A mass of new information types, combined with new methods of analysis is giving investors the tools to enhance long-term performance, argue Ben Wicks, Head of Data Insights and Research Innovation, and Mark Ainsworth, Head of Data Insights and Analytics, both Schroders.
The process of collecting and analysing data has undergone a revolution. A mass of information, from geospatial data to customs records and demographic data, is now available and can be manipulated in ways unheard of 30 years ago. Investors who can marry industrial-scale data processing with tried and tested investment expertise will emerge as winners.
The dramatic increases in computer processing power, storage capacity and information mean that the amount of “alternative data” that can potentially be interpreted by an analyst or fund manager is growing at an exponential rate. These developments pose disruptive challenges to the investment industry. But they also provide a major opportunity.
A positive role to play
Alternative data is an umbrella term for information that is not already part of the core currency of investment research, being, broadly, everything that is not company accounts, security prices or economic information. Because alternative data is often unstructured, it may need considerable processing before it can yield meaningful conclusions. A cadre of data science professionals has emerged to meet this challenge and fashion the necessary techniques to handle large data sets.
Good data scientists have several distinct qualities. A sound knowledge of maths, statistics, programming and algorithms is essential. But a firm understanding of the security under consideration, where the data is from and the way in which it is being applied are equally valuable for understanding what really matters. Combining an investor’s deep knowledge of the market and securities with skilled data scientists, whose specialised work becomes part of the investment process, is optimal.
Perhaps the biggest impact of data science on the active manager is capacity, by the freeing up of time and intellectual capital. A comparison can be made with the impact of avionics on pilots: the information provided by advanced instrumentation provides for better decision-making and liberates the pilot’s mind to do other things that improve overall performance, such as contingency planning. Similarly, an investor who can rely on other specialists to help extend their vision in all the above ways will be that much freer to think and explore fresh ideas.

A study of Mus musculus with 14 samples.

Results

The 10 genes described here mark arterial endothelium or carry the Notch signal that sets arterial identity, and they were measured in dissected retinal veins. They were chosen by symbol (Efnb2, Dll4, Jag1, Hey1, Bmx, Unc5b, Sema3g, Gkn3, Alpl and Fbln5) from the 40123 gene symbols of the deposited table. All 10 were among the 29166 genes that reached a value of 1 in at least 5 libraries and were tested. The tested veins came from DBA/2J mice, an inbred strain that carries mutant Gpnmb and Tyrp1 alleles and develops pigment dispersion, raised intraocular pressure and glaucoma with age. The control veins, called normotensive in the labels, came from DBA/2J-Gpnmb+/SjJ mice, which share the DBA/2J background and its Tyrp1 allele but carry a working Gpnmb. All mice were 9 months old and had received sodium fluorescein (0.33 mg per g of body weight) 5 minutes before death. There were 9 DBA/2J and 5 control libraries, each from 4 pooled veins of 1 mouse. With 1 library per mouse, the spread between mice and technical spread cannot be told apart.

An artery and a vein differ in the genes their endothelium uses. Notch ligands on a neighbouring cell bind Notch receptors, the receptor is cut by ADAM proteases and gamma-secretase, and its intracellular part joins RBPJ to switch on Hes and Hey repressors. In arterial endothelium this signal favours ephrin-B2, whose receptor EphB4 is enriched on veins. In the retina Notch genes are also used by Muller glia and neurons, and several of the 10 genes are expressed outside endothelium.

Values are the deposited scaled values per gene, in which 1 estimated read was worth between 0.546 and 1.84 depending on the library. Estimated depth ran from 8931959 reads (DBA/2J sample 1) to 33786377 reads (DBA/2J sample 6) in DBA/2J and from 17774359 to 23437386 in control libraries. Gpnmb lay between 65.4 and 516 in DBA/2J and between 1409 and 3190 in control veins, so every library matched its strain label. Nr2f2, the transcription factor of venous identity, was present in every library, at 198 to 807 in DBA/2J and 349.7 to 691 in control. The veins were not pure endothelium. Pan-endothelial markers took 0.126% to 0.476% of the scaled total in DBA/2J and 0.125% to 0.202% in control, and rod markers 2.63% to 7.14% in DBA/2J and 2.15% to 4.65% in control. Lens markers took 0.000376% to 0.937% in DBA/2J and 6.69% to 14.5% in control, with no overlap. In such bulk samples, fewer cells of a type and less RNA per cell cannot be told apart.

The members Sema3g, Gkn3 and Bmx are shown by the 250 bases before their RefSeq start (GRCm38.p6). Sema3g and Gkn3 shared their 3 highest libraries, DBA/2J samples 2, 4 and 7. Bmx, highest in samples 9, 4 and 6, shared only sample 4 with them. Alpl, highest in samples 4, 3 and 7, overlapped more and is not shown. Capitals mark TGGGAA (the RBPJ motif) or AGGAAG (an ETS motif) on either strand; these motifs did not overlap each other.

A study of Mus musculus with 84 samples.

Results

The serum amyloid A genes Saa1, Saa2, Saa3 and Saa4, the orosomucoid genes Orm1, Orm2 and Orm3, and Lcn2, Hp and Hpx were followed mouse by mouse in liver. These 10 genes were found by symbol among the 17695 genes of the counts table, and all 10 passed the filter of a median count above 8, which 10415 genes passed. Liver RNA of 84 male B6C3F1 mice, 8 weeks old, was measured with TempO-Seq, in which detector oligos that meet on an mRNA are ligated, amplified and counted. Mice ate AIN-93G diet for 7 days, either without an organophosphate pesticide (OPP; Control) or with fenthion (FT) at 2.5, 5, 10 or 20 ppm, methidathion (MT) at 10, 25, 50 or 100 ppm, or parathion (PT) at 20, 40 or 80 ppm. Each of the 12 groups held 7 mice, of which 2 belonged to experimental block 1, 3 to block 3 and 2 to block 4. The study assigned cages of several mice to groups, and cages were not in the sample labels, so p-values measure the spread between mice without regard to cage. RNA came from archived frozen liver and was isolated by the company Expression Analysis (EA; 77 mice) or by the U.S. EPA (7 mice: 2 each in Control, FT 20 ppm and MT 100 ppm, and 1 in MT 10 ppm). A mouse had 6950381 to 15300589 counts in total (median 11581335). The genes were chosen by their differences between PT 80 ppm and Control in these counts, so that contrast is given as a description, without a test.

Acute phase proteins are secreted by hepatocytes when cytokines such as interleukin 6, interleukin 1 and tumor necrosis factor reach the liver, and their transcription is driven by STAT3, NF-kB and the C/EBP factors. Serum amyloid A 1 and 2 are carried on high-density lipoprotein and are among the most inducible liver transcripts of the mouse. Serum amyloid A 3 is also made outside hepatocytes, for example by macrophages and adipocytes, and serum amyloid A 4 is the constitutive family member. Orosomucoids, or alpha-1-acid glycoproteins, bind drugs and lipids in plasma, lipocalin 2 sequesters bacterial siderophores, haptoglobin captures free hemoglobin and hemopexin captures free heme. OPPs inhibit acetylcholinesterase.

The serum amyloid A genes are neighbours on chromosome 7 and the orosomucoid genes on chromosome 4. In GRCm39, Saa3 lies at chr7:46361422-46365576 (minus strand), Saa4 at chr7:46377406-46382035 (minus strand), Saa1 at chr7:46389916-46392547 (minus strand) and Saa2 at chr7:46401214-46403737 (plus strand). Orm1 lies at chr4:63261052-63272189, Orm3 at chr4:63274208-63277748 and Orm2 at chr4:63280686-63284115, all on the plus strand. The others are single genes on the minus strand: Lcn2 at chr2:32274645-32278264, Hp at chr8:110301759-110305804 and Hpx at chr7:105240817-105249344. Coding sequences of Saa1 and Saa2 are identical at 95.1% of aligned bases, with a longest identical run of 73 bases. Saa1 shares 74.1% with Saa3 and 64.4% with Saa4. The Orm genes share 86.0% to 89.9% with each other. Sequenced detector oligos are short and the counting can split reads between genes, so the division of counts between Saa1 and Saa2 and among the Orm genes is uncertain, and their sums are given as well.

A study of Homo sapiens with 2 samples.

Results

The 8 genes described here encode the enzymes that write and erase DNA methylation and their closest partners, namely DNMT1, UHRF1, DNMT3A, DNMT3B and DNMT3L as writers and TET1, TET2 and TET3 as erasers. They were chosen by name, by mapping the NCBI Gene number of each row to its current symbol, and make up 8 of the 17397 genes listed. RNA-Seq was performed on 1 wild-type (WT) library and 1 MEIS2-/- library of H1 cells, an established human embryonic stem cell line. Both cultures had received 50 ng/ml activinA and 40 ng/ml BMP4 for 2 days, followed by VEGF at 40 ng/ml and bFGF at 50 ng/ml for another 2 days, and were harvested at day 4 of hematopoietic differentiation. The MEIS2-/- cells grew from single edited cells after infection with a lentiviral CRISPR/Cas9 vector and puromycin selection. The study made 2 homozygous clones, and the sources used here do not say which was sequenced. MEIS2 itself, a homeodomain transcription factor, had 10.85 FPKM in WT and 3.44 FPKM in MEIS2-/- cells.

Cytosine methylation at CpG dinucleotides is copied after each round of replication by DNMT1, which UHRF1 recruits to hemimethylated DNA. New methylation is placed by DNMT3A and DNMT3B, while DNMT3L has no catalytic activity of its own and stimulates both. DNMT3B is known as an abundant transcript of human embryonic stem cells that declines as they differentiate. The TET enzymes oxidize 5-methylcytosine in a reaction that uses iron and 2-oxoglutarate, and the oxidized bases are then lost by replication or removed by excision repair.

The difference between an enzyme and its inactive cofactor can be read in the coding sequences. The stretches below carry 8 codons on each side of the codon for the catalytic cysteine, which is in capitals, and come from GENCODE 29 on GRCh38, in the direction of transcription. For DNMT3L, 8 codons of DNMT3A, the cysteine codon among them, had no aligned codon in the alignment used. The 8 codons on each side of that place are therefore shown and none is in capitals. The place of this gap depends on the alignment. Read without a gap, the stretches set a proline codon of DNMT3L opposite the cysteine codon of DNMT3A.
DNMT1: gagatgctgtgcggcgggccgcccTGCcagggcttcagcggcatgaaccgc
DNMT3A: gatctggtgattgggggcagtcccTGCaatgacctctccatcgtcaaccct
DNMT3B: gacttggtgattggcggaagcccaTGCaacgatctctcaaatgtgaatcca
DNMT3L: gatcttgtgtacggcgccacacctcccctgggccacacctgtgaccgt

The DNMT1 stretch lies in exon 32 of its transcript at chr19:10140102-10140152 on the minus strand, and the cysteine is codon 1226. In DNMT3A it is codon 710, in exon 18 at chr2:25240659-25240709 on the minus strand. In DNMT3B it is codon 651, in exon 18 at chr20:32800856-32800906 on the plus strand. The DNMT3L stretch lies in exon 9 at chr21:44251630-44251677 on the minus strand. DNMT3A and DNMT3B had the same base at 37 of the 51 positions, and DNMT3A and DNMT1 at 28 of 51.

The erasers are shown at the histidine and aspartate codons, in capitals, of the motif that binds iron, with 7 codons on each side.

Scale and resources
The proliferation of information available for investment research is a profoundly disruptive force. Data science poses technical and organisational challenges and involves substantial research and development work. But data science also offers a huge opportunity for active fund managers.
The injection of new, and potentially unique, methods of data analysis into existing investment processes should enhance long-term performance.
Organisations that successfully adapt to this data-heavy world will have a mind-set of innovation and collaboration. They will also be large enough and have sufficient technological prowess to compete. The scale and variety of the data available today requires considerable engineering and data management resources if it is to be used optimally. Larger teams of data scientists will be able to exploit large volumes of data from diverse sources in ways that would be more difficult for a single data scientist acting alone.
Far from creating a level playing field, where more readily available information simply leads to greater market efficiency, the impact of the information revolution is the opposite. It is creating hard-to-access territories and opportunities for those few players with the scale and resources to take advantage of it.